By the end of the season Wrigley Field’s playing surface was a mess thanks in part to all the non-baseball events it hosted and David Kaplan of CSNChicago.com reports that “the decision was made to completely remove the current field and replace it with all new sod and dirt to bring the field up to a more acceptable level for the players.”
According to Kaplan the total cost was $400,000 and the new surface is “a new blend of dirt and a Kentucky Bluegrass that was trucked in from Colorado.”
It’s basically the same setup the Cardinals installed recently and the Cubs will try to keep the new surface in decent shape by cutting down on the number of non-baseball events.
I realize $400,000 for some grass sounds like a ton of money, but when a couple hundred million dollars worth of professional athletes play on something in front of 40,000 paying customers 81 times per season it actually seems kind of cheap.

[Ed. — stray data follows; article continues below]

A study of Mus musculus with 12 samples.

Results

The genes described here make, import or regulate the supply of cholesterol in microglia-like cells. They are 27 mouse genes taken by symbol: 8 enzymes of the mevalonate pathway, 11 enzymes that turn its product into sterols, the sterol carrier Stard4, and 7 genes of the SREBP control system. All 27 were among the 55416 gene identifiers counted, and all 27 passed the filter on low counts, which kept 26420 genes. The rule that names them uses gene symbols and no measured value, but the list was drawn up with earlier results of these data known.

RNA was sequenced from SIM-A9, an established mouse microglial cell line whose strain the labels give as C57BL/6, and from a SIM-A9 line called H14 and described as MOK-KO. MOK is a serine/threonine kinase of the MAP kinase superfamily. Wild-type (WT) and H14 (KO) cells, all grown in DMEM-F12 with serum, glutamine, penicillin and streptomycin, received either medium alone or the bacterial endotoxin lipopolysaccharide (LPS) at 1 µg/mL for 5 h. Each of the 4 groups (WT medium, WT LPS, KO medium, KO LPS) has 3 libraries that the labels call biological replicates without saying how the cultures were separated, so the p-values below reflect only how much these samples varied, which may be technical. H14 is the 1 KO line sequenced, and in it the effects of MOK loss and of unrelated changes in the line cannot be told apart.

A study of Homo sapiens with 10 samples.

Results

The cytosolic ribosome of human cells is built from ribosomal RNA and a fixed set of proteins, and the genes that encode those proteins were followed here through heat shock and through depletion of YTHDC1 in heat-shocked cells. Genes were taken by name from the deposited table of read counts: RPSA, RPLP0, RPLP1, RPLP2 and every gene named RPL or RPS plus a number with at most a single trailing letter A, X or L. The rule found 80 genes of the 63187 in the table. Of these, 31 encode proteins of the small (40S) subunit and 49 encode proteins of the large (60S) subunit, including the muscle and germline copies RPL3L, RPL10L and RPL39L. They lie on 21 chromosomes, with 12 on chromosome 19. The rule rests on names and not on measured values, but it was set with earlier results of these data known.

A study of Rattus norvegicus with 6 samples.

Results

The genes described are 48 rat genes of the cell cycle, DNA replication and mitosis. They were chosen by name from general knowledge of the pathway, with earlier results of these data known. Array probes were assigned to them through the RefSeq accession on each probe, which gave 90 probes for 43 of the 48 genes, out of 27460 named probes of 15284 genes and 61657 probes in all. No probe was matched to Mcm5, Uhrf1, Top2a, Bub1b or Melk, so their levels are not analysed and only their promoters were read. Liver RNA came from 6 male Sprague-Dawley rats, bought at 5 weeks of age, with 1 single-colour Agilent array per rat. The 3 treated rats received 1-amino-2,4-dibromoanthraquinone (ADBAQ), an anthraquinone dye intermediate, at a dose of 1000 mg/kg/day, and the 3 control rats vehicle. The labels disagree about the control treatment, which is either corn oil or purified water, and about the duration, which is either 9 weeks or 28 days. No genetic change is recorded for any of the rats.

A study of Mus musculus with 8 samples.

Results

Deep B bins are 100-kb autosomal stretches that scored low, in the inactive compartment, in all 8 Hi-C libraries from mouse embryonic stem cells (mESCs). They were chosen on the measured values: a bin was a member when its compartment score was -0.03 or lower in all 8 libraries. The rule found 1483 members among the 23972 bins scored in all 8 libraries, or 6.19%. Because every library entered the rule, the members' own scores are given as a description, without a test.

The Brewers, once left for dead after outfielder Christian Yelich suffered a season-ending injury, defeated the Pirates 4-3 on Sunday afternoon. That, paired with the Nationals’ 5-3 loss to the Marlins, moved them into a tie for the first NL Wild Card. The Brewers are 10-2 since Yelich’s injury.
During Sunday’s game, the Brewers brought a combined perfect game bid into the seventh inning. It ended when Gio González allowed a one-out single to Bryan Reynolds. The Brewers’ four runs came on two Eric Thames homers and an Orlando Arcia homer. The Pirates mounted a rally in the eighth inning, scoring three runs, but Josh Hader came in and slammed the door, getting the final four outs.
The Brewers end the season on a six-game road trip. They will face the Reds for three games before finishing out the schedule with three against the Rockies. The Cubs trail both the Brewers and Nationals by four games. The Mets are 4.5 games back while the Diamondbacks and Phillies are each 5.5 games behind.